Picking the pain reliever that’s best for you can be a confusing task. Pharmacy and supermarket shelves are lined with a dizzying array of boxes, names and labels describing the symptoms the medications are intended to address.
While they all share the same goal, making you feel better, their active ingredients vary, and all have potential drawbacks.
Dr. Robert A. Duarte, director of the Pain Center at Northwell Health in Great Neck, N.Y., cautioned that consumers should not be lulled into thinking that over-the-counter pain relievers are free from potential harm just because they are available on store shelves.
Sales of over-the-counter medications exceeded $30 billion in 2015, with pain relievers ranking near the top, according to industry statistics.
Consumers need to be informed about what they are taking, and in what doses. A survey conducted in 2001 for the National Council on Patient Information and Education found that only one-third of those polled could identify the active ingredient in their pain reliever.
A similar fraction of consumers said they had taken more than the recommended dose of nonprescription medication because they believed it would increase its effectiveness.
Dr. Sadiah Siddiqui, an anesthesiologist specializing in interventional pain medicine at Weill Cornell Medicine in Manhattan, said consumers need to read the labels of the medications for their active ingredients.
Those who take any kind of over-the-counter pain reliever around the clock for a week or more should see a specialist or their doctor, she added.
Here are the major categories of nonprescription pain relievers and some of what you should know about them:
Common brand name: Tylenol
Recommended to treat: Headaches, pain and fever
Potential side effects:The Food and Drug Administration recommends a maximum of 4,000 milligrams per day. Exceeding that level can mean the liver has to work harder. Clinicians recommend a daily maximum dose of 3,000 if it is taken for an extended period.
What else you should know: Concerns about potential liver damage from taking acetaminophen have been clouded over time, Dr. Duarte said. The warnings surfaced because patients were taking Tylenol with other over-the-counter medications or prescriptions that also contained acetaminophen.
For instance, the prescription painkiller Percocet and over-the-counter cold and flu remedies have Tylenol in them. When patients take those drugs as well as Tylenol, they can unwittingly get higher doses of acetaminophen than they should, he said.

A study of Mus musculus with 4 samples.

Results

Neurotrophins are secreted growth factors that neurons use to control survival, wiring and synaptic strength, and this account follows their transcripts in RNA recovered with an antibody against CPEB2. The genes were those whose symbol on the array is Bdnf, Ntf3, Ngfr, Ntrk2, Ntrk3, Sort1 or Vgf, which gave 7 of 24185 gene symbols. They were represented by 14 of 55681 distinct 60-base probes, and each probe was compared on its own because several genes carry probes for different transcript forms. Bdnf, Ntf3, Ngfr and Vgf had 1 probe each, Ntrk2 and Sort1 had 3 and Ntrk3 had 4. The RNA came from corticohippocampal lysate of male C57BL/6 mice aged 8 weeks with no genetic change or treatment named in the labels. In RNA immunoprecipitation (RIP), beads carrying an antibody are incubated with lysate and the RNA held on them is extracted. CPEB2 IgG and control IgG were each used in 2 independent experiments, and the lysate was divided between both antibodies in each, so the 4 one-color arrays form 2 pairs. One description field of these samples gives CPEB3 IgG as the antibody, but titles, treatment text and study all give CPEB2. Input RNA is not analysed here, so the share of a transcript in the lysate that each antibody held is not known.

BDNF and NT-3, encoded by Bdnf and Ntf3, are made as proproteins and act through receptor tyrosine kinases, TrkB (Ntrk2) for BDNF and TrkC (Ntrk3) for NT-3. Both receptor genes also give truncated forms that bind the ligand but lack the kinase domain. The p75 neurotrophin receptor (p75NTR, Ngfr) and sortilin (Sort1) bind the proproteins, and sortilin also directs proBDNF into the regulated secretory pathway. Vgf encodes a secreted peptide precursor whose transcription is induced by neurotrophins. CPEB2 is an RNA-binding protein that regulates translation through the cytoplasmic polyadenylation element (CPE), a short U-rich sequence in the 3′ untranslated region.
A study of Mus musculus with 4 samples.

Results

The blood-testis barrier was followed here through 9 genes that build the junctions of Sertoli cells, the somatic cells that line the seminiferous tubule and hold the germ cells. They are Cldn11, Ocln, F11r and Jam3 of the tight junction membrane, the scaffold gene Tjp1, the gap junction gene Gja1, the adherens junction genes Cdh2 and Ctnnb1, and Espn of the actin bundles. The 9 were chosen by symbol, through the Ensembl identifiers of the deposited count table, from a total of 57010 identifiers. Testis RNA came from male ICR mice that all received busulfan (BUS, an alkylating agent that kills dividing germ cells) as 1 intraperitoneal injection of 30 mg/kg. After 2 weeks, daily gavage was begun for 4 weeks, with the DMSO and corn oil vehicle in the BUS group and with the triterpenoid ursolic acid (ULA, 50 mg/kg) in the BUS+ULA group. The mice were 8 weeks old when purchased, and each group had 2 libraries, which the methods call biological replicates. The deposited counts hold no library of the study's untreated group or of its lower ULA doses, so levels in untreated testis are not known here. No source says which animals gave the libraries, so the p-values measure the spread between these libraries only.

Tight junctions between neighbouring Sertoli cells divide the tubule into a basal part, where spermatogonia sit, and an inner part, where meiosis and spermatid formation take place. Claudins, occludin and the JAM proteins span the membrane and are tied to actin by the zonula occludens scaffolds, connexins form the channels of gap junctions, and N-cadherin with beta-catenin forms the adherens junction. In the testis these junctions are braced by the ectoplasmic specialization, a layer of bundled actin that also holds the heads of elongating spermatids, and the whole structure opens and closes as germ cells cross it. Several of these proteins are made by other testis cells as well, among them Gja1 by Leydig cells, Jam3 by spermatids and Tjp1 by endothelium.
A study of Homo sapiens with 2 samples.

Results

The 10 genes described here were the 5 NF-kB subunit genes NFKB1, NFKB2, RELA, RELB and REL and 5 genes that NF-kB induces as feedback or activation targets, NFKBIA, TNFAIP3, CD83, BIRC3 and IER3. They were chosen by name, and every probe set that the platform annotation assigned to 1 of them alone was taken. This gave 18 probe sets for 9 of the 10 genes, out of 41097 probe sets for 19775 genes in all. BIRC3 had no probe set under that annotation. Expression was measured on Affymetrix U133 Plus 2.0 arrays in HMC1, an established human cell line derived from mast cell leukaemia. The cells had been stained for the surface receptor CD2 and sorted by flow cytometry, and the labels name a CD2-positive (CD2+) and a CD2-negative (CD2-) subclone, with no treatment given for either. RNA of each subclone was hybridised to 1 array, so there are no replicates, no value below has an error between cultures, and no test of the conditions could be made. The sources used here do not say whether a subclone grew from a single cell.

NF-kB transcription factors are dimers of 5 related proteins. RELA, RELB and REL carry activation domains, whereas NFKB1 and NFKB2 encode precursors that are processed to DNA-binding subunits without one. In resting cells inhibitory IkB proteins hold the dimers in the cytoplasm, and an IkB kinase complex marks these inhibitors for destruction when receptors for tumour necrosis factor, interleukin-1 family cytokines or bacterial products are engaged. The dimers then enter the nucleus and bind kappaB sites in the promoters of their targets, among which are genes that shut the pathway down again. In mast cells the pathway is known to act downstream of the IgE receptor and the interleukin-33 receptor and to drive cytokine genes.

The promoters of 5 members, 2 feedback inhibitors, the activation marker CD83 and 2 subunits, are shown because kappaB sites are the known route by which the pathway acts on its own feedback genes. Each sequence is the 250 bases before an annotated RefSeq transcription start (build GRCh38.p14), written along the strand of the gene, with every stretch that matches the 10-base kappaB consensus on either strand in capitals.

“You may not think you are taking that much Tylenol, but yes you are,” he said.
Common brand names: Advil, Motrin
Recommended to treat: Arthritic, joint and dental pain and headaches
Potential side effects: Stomach bleeding and kidney problems are risks, particularly for patients who are 60 or older, Dr. Duarte said.
What else you should know: Ibuprofen is an anti-inflammatory that combats prostaglandins, the chemicals associated with pain such as menstrual cramps, joint pain and headaches that are released in the body.
Common brand names: Bayer and St. Joseph. It is also found in Excedrin.
Recommended to treat: Headaches and pain from inflammation. It is also used to prevent strokes and promote heart health.
Potential side effects: Gastric bleeding and kidney dysfunction; children up to their mid-teenage years should not take aspirin because it is linked to Reye syndrome, which causes brain and liver damage.
What else you should know: When it comes to Excedrin and Excedrin for migraines, opt for the less expensive basic product because they both have the same active ingredients, Dr. Duarte said, adding, “Don’t be fooled by packaging.”
In general, he said, regardless of what product you take, don’t think that if some is good, more is better.
If you have an underlying history of headaches and you are regularly taking over-the-counter pain relievers, you can be at risk of a “rebound headache” caused by the drugs wearing off and the onset of another headache.
Some natural products, such as magnesium (400 to 600 milligrams a day) or riboflavin (400 milligrams a day), or using aromatherapy with peppermint oil can help with migraines and muscle pain, he said.
Patients should discuss all the medications they take with their doctor.
“A simple over-the-counter, in fact, has risks just the way a prescription does,” Dr. Duarte said. “A lot of the patients don’t take these medications seriously.”
An earlier version of this article misstated the recommended maximum daily dose of acetaminophen. The Food and Drug Administration recommends a maximum of 4,000 milligrams per day, not 3,000, which clinicians recommend if it is taken for an extended period.